Offer Deadlines – Do Not Help You As a Buyer

Offer Deadlines – Do Not Help You As a Buyer

Recently, I’ve had a noticeable trend in buyer activity of wanting to include offer deadlines. I don’t know if this is an HGTV influence, a Google influence, or some other reason for the sudden influx of questioning a deadline, but I want to be clear. In Northern Virginia, including a response deadline is NOT a common practice and does not help you as a buyer. Here’s why:

Contract Language
Our standard purchase contracts do include any expiration language. That means an offer is out there until a seller responds or a buyer formally withdraws the offer prior to a response.

Can you force a seller to accept your contract with a short response deadline?
No, you can’t, and frankly, all it does is show the seller how anxious you are to buy their home. In our market, where most homes sell quickly and with multiple offers, a seller doesn’t necessarily feel as though you’re the only buyer out there and most want to “feel out” the market. Think about this:

  • Sellers want a bidding war. How do you get a bidding war? By allowing as many people to come through the house as possible in a short period of time (say for example – over the weekend).
  • Showing your hand. If you’re going to make a great offer on the first day the house is on the market, you’re likely going to make the same or better 2-3 days later (maybe not 2 weeks later if you’re still the only buyer interested) but if there’s a ton of interest immediately, they know you’re going to be in the ring with the other buyers.
  • Seller availability. Maybe the seller is out of town, strategically putting their home on the market to coincide with a vacation. Maybe they have small children and can’t respond to your 8pm deadline because of children. Maybe they live abroad and are in a different time zone and can’t accommodate a specific time. Or maybe they’re just so overwhelmed by the response to their home they need some time to figure out exactly what their next step is. Sometimes sellers don’t know with 100% certainty where they’ll go next until they know what their offer is on their home.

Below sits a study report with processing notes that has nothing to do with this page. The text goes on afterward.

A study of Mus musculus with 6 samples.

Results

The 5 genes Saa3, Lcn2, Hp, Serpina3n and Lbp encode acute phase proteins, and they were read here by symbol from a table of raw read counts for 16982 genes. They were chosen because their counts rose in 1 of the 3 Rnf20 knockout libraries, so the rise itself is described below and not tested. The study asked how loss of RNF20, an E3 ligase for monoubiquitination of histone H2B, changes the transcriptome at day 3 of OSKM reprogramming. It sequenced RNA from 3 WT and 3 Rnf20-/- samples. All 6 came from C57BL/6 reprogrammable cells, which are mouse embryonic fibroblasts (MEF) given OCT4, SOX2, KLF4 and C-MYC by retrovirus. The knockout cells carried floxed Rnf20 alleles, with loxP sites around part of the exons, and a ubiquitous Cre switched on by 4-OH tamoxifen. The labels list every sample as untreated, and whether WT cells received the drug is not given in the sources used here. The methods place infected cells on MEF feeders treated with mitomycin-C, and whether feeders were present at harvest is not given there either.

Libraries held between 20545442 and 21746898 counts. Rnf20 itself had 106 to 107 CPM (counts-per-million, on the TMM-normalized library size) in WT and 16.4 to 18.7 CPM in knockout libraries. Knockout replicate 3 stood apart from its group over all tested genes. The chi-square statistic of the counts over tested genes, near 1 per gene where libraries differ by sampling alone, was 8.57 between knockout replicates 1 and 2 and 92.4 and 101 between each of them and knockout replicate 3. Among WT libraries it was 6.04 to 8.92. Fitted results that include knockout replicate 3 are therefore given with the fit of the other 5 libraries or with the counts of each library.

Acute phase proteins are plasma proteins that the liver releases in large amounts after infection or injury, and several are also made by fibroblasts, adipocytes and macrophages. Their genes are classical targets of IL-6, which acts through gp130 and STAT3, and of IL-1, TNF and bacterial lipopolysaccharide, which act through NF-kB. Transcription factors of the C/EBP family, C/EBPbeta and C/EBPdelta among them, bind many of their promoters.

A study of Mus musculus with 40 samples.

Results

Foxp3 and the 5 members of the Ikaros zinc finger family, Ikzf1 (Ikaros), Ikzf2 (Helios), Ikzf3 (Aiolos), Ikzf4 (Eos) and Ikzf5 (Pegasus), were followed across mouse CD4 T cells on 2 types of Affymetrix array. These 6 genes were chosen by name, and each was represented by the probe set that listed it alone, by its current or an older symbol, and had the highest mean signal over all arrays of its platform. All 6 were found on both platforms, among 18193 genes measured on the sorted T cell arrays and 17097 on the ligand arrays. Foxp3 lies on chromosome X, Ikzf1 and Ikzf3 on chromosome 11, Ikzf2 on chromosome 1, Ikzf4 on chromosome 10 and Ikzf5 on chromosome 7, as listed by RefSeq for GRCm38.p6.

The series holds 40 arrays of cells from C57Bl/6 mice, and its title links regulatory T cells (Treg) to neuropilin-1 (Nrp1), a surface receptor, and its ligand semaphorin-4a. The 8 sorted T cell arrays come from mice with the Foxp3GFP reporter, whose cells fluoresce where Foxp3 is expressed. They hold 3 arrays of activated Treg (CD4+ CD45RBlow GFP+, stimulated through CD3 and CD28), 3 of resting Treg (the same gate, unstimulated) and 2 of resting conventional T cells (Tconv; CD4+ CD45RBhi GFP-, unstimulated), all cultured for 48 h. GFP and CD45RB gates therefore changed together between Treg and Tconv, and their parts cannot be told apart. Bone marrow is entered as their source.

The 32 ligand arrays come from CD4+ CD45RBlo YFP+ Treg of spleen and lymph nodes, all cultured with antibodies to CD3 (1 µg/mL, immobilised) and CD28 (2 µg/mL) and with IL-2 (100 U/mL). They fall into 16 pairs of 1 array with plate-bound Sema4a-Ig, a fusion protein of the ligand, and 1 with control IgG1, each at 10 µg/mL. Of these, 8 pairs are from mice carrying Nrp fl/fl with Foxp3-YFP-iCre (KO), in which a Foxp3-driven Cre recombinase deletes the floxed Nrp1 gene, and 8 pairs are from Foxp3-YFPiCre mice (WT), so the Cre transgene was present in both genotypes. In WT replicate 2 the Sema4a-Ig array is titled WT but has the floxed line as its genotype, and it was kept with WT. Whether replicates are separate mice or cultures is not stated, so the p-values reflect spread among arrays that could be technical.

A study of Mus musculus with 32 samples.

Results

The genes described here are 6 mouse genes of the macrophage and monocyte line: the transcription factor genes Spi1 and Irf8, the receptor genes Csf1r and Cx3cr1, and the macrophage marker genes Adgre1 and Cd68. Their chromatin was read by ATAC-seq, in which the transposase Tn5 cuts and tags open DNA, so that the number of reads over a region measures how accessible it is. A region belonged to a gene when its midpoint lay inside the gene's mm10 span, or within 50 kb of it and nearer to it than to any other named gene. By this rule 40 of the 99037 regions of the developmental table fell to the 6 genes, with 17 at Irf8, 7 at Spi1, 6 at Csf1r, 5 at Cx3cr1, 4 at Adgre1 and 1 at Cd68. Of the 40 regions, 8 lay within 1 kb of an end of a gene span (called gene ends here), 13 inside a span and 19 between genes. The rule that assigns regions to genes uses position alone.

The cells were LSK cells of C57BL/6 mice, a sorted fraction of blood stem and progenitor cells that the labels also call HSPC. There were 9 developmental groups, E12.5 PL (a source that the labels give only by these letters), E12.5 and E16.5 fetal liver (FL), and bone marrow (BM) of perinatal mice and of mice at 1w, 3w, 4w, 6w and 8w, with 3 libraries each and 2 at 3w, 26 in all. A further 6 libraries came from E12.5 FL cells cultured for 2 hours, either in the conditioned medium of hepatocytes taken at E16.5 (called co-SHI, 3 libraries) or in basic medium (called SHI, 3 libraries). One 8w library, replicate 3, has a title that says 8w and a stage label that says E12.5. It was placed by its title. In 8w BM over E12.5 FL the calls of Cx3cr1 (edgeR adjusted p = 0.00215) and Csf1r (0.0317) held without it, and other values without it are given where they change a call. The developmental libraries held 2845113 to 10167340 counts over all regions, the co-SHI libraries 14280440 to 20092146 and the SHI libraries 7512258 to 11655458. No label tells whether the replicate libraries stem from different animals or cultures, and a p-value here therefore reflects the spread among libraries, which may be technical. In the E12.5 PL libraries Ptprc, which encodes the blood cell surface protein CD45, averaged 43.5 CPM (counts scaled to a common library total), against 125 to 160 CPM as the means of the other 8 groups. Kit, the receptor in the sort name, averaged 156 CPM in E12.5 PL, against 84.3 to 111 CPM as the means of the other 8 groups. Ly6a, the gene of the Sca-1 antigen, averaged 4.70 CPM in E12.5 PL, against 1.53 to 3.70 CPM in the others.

• Does your offer really blow their socks off? In this current market in the Spring of 2016, waiving all contingencies is common (crazy, but common) and often necessary to “win” a house. The only time a deadline has ever worked for a client of mine is when they gave the seller exactly what they wanted – no contingencies and $100k OVER asking, 12 hours after the house went on the market. That’s what the seller was looking for in the end, and they felt no remorse about accepting this offer without testing the other buyers.

In our market where housing is tight in certain pockets, deadlines just don’t make sense for a seller to adhere to. They actually do have something to lose potentially by not allowing the market to have a chance to see their homes. That’s why you’ll often see offer deadlines set for 4-5 days after a house is first listed on the market for sale. If you really want to buy a specific house, find out what they’re looking for (price, close date, other important information) and make them an offer they WANT to accept.